Saturday, July 4, 2009

Independence Day is as good a time as any to do a little stock-taking on the cause of liberty in America. After all, the road from 1776 to 2009 has been lined with so many stumbling blocks and detours.


Under liberty's banner, people looking like me were governed by three white presidentially appointed commissioners, a white school superintendent, white police and fire chiefs, white judges, and white committee chairmen in Congress who gave the commissioners their marching orders.

Independence Day '52 found black Washingtonians living under several restrictions: Thou shall not attend school with white children or go to the same movie theaters, restaurants or swimming pools attended by white people or sit at downtown drugstore lunch counters. I recall having to stand at the end of the counter at the drugstore (now gone) at the southwest corner of Pennsylvania Avenue and 25th Street NW, waiting to be recognized by the clerk.

That was nearly 100 years to the day since Frederick Douglass, the ex-slave and black abolitionist, told an Independence Day audience in Rochester, N.Y., that he had found the promise of 1776 to be wanting.

With nearly 4 million men, women and children still being kept as slaves, Douglass told the gathering: "This Fourth of July is yours, not mine. You may rejoice, I must mourn."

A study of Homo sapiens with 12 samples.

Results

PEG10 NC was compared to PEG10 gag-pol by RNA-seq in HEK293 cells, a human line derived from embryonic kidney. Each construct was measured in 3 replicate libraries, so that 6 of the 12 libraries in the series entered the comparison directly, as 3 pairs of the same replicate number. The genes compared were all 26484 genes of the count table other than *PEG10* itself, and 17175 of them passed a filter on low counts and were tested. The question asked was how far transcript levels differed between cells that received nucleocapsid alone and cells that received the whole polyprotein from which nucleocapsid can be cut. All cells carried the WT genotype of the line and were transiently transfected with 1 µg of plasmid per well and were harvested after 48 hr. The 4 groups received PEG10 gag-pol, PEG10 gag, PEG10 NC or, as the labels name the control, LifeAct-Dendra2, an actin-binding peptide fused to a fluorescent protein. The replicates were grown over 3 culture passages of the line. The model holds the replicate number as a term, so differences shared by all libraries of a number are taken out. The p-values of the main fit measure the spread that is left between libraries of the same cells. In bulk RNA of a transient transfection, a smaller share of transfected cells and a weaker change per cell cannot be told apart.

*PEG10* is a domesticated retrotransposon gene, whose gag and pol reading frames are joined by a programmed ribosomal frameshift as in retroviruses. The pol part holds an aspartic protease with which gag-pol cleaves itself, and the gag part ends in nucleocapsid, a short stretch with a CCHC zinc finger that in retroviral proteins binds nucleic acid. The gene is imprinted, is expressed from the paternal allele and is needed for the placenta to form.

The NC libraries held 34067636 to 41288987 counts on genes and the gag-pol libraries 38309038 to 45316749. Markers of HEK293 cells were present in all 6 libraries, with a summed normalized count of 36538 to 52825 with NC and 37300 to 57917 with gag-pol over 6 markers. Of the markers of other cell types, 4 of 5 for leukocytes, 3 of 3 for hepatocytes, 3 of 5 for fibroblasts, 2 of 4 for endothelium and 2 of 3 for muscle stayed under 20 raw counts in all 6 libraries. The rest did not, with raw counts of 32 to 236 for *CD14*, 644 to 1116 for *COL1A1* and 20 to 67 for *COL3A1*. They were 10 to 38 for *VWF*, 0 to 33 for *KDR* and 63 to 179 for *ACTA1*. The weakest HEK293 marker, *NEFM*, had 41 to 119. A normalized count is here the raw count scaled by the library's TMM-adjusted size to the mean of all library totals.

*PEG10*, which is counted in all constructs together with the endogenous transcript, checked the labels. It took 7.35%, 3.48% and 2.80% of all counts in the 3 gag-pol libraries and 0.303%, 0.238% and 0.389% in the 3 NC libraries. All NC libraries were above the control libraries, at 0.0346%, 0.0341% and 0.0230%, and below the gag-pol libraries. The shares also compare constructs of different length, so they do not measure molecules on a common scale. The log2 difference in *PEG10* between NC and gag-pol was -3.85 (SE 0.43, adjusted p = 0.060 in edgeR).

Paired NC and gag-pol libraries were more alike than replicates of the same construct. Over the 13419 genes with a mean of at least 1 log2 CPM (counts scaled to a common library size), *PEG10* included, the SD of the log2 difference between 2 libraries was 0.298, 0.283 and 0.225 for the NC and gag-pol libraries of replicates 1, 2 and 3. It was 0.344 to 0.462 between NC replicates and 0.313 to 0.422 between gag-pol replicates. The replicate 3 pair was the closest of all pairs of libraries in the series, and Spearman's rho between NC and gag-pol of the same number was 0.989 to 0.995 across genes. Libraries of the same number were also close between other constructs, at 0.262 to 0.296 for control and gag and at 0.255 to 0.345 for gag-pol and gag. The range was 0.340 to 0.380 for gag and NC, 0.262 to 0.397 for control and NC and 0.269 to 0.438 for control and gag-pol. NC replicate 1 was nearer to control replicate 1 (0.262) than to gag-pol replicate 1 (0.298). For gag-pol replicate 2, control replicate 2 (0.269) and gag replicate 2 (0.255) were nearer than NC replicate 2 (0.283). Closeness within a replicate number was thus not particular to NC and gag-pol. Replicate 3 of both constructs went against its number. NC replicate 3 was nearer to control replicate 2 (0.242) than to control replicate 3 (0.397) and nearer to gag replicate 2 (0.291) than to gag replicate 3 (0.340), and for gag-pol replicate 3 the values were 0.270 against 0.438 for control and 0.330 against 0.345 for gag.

Douglass, who later served as a D.C. legislator and as the District's recorder of deeds, and who lived out his days in his adopted home in Anacostia, wouldn't be in mourning today.

He would be thrilled that Independence Day 2009 finds a man of color in the White House, that the first lady of the United States and the two children playing on the White House lawn share the hue of people once owned by slaveholders.

Douglass, today, would praise, not mourn, a nation that has black mayors, governors and members of Congress.

But Douglass, a keen student of American history and a mighty warrior of freedom's struggles, might also offer a word of caution.

He might remind us that he, too, experienced praiseworthy American birthdays. By the Fourth of July, 1877, 12 years after the end of the Civil War and 25 years after he excoriated the nation for barbarity and shameless hypocrisy, the injustice and cruelty of slavery had been abolished.

Douglass might point out that on that day, more than 1,500 African Americans were holding federal, state and local offices in states of the Old Confederacy and that 17 black members of Congress had been elected from Reconstruction states between 1870 and 1877.